Updated February 29, 2024

A Georgia non-compete agreement legally restricts a person from being able to engage in certain business activities. The agreement cannot be broad and must include a reasonable timeframe, geographical area, and scope of prohibited activities. It is common for employers to require such agreements at the start of employment to protect trade secrets.

Legally Enforceable?

Yes, a non-compete is legally enforceable in the State of Georgia.


Georgia allows a non-compete only for employees that conduct the following tasks:[1]

  • Solicit customers. Soliciting the employer’s customers and prospective customers;
  • Engage in sales. Engaging in sales, order taking, or contracts for products or services to be performed by others;
  • Enterprise management. Primarily manage the enterprise of the employer;
  • Manage 2 or more employees. Direct the work of 2 or more employees; and
  • Can hire and fire. Have the authority to hire and fire employees or have particular weight given to the management of other employees; or
  • Managerial responsibility. Perform the duties of a key employee or of a professional.

Other Types

Georgia allows “restrictive covenants,” which includes the ability to enter into a non-compete, for the following:[2]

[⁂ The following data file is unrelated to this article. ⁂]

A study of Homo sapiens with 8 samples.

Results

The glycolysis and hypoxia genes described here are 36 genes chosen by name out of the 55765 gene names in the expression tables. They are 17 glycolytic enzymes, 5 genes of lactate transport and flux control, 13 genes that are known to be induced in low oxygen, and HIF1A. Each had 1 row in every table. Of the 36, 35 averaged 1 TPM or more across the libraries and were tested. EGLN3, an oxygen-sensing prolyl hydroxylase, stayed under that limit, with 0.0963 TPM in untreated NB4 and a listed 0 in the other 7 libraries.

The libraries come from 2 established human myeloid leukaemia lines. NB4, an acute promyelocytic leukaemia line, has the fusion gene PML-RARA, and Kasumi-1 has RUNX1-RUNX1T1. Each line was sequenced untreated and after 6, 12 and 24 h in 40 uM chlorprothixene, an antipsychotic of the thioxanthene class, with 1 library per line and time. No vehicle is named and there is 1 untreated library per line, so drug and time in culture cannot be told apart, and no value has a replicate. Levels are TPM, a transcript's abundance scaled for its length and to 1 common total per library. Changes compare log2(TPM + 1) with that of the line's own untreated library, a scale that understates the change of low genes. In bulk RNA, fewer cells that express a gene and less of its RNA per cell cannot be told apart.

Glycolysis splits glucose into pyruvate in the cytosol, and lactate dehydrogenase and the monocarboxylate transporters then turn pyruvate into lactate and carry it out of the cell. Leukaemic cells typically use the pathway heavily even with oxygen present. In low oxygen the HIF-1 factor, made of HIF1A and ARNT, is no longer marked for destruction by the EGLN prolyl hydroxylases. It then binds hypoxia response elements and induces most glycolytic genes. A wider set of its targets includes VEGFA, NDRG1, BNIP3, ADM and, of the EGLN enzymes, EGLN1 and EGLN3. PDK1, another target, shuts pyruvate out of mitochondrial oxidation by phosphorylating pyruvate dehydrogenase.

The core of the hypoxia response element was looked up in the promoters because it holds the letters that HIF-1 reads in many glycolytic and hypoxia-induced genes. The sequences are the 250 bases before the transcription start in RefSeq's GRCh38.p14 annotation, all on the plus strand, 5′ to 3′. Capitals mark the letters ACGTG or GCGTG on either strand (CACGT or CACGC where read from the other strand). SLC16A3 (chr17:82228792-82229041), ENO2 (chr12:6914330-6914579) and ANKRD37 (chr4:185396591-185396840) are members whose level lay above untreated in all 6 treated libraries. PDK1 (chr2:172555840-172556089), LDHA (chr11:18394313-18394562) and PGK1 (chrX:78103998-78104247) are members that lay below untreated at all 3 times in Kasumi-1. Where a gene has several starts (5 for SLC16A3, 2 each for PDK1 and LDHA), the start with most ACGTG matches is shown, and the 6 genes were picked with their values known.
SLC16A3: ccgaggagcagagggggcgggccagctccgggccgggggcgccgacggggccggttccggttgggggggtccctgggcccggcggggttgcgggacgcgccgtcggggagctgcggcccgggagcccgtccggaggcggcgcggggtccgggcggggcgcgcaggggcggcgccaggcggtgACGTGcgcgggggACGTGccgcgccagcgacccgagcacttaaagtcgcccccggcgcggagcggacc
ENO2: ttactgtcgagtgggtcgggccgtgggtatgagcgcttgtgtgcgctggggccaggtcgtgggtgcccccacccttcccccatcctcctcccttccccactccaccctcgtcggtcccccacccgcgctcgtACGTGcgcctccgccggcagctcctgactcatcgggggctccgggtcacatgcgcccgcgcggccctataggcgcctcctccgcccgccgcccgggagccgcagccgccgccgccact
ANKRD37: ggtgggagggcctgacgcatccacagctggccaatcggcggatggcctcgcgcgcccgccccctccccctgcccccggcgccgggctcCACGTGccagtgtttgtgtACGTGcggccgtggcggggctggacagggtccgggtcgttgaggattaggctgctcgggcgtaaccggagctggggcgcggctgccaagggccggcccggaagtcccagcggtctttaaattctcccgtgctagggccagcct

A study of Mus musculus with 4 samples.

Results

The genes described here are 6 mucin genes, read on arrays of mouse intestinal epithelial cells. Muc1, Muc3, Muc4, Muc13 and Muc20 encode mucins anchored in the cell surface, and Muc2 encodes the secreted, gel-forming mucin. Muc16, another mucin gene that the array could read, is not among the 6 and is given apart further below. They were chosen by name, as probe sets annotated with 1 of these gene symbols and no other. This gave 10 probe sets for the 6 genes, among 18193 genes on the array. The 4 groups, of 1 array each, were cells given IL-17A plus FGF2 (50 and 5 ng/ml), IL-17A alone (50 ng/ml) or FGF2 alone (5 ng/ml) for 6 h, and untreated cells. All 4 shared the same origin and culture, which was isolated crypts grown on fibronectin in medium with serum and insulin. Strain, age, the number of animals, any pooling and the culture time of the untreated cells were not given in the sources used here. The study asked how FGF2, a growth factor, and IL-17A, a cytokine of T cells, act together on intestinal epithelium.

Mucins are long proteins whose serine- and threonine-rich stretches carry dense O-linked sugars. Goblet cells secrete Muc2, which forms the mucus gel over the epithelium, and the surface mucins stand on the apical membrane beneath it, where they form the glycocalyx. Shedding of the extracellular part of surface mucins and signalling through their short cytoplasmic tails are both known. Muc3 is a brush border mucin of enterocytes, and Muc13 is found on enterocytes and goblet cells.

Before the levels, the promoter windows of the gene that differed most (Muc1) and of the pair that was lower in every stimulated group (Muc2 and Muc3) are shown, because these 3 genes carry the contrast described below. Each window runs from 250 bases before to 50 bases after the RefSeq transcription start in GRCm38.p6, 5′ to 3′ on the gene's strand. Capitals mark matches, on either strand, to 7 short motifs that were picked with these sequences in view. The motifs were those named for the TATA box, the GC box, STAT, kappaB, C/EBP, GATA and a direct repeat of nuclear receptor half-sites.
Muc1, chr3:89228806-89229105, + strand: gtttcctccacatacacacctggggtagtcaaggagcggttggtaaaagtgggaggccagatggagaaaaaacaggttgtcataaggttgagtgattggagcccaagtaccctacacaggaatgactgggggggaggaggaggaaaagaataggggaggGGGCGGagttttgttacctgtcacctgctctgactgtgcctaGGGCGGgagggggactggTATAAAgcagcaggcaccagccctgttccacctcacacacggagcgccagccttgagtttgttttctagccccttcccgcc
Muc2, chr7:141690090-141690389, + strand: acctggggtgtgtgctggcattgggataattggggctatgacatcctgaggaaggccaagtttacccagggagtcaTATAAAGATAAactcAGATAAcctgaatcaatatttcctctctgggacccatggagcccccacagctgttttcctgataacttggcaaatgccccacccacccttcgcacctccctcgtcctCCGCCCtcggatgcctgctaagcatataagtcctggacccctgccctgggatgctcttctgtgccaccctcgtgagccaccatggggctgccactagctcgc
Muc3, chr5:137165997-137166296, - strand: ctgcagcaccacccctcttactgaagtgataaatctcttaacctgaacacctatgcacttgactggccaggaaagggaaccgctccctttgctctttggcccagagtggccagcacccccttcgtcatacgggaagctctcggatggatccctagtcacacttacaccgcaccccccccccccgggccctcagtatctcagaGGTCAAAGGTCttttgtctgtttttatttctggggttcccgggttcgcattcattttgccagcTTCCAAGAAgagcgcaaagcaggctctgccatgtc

• Sellers (when selling a business);
  • Distributors and manufacturers;
  • Lessors and lessees;
  • Partnerships and partners; and any
  • Two or more employers.

Attorneys (restricted)

A licensed attorney cannot enter into a non-compete agreement.[3]

Continued Employment

Continued employment does not provide sufficient consideration to support a non-compete.[4]

Maximum Term

  • Employees: 2 years[5]
  • Sale of a Business: 5 years[6]

Blue Penciling Allowed

In Georgia, a court may modify a non-compete that is unenforceable or otherwise void “so long as the modification does not render the covenant more restrictive with regard to the employee than as originally drafted by the parties.”[7]

Cannot Write New Language

Although, the court will not write new language into the agreement, only strikeout overbroad or unreasonable terms or conditions. Therefore, if the agreement is overly broad and cannot be made legal by deleting language, the non-compete will be considered unenforceable.[8]

In addition, the Northern District of Georgia stated:

Courts, however, cannot “reform and rewrite” contracts to make them acceptable to Georgia public policy.[9]